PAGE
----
A new study by researchers from IFISC (CSIC-UIB) and IMEDEA (CSIC-UIB), published in the journal Scientific Reports, shows that spatial patterns in seagrass meadows such as Posidonia oceanica can form through interactions between seagrass growth and incoming ocean waves. The authors propose that this mechanism can increase the potential of these coastal ecosystems to reflect ocean wave energy, which may amplify their value as nature-based coastal protection against the increasing flood risks associated with climate change.
Seagrass meadows are found globally and provide vital ecosystem services, such as carbon storage, water quality improvement, habitats for many marine species, and coastal safety by damping ocean waves and reducing shoreline erosion. In the Mediterranean Sea, Posidonia oceanica is one of the species that fulfills these ecosystem functions. However, anthropogenic pressure is threatening the survival of seagrass ecosystems worldwide. Deeper understanding of their functioning is therefore required to safeguard their persistence.
The team of scientists has found that striped and hexagonal spatial patterns of alternating high and low seagrass densities can be explained by interactions between ocean wave propagation, seagrass growth, and seabed topography. The researchers observed in Posidonia oceanica meadows around the islands of Mallorca and Sardinia that the scale of these spatial patterns is proportional to the lengthscale of incoming ocean waves. Based on this finding, the team developed a mathematical model that simulates how ocean waves, propagating towards the coast, partially reflect when travelling over a seabed with seagrass-induced height differences. Interactions between the incoming and reflected water waves create a spatial pattern in water flow speeds, leading to local seagrass growth where flow speeds are low and local seagrass mortality where flow speeds are high. Since seagrass presence reduces sediment erosion and leads to vertical sediment buildup, this water flow pattern creates a pattern of alternating high and low seabed elevation, coinciding with high and low seagrass density. This seabed pattern, in turn, strengthens ocean wave reflection, triggering a self-reinforcing feedback loop that further amplifies the seagrass and seabed pattern over time. Dependent on water depth and wave conditions, seagrass meadow patterns have elevation differences between 1 and 10 meters, have high and low regions spaced out between 10 and 100 meters, and shape seagrass meadows that cover several square kilometers of seafloor.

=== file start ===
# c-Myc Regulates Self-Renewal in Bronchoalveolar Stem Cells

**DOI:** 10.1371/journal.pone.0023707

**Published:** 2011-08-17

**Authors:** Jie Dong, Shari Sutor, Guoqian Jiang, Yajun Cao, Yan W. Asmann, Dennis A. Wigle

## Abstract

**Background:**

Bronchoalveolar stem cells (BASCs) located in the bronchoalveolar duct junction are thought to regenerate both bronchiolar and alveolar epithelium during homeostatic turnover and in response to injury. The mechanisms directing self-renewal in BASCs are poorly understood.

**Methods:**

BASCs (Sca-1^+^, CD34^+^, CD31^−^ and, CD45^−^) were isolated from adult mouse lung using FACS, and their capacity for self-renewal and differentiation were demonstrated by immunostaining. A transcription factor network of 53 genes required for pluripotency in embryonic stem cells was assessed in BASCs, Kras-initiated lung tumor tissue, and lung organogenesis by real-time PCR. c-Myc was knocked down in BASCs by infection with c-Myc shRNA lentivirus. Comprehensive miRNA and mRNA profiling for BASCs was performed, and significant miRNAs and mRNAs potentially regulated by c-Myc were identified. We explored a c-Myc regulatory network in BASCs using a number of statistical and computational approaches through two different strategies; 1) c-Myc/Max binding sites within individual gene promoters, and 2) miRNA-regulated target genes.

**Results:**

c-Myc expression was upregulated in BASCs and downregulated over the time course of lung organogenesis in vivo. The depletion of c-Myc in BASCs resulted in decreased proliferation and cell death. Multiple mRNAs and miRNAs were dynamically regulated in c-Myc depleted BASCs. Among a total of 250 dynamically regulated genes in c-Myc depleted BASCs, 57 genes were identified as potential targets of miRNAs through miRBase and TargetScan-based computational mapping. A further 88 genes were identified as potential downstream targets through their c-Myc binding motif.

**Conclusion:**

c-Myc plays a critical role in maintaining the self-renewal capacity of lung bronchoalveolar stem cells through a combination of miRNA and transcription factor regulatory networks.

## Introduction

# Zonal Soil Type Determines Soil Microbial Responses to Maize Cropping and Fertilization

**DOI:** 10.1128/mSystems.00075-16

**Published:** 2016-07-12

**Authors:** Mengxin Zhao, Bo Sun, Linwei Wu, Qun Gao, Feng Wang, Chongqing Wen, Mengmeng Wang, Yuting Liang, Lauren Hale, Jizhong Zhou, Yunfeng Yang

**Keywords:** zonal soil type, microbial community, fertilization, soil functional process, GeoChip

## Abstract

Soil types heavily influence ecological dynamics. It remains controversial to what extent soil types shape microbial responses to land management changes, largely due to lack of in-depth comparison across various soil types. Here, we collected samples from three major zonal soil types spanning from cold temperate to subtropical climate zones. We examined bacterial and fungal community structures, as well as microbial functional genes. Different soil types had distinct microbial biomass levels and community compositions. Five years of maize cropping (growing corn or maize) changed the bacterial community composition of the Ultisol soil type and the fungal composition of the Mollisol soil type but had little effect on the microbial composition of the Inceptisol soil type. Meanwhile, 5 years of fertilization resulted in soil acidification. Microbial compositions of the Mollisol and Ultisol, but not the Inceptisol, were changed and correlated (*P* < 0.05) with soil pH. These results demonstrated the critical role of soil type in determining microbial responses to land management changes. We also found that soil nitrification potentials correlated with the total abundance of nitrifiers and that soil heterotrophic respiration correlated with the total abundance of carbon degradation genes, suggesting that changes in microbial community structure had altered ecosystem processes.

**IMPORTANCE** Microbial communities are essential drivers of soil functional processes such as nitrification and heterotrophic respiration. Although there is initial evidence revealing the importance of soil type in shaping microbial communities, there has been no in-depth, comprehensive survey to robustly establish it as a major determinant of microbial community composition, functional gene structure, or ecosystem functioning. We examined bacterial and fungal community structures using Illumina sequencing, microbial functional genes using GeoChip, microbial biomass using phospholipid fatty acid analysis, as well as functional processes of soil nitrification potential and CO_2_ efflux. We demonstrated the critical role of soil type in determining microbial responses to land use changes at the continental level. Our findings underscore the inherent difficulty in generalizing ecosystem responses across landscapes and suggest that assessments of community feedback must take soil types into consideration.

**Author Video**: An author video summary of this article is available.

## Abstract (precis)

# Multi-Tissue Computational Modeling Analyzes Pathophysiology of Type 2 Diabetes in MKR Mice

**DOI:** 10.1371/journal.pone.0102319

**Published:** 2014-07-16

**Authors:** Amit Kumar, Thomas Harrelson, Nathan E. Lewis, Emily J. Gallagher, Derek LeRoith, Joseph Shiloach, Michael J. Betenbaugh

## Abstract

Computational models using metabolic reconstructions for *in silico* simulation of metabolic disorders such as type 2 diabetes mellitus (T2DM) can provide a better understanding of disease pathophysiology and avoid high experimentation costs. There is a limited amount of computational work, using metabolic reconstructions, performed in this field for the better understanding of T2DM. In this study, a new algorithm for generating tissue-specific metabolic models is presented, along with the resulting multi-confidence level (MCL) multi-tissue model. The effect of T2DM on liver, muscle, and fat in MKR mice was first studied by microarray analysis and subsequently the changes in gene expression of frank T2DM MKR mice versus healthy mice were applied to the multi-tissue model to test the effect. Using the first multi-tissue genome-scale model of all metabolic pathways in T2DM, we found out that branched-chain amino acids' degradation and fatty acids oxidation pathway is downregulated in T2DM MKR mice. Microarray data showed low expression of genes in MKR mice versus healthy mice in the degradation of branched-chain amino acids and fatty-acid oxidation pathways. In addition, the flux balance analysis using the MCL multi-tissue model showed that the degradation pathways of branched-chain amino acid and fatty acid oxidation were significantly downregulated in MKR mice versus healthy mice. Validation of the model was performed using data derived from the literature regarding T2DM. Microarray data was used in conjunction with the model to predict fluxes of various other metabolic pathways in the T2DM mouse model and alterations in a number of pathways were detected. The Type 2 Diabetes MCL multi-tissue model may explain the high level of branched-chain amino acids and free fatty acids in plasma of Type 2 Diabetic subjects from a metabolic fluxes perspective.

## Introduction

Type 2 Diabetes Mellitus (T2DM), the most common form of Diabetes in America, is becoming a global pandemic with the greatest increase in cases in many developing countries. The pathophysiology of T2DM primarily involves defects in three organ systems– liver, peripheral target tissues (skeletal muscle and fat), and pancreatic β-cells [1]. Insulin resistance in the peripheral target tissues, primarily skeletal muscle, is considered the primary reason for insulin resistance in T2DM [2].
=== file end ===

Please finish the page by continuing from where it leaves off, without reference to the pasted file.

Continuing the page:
The authors conclude that the formation of spatial patterns allows seagrass meadows to more strongly reflect back the energy of incoming waves. This adds to their value as natural forms of coastal protection against the global change-induced increase in ocean wave power. This study further emphasizes the need to protect these crucial coastal ecosystems, and may inspire coastal managers to better employ seagrass meadows as nature-based flood defenses.
van de Vijsel, R. C., Hernández-García, E., Orfila, A., & Gomila, D. (2023). Optimal wave reflection as a mechanism for seagrass self-organization. Scientific Reports, 13(1), 20278. https://doi.org/10.1038/s41598-023-46788-4.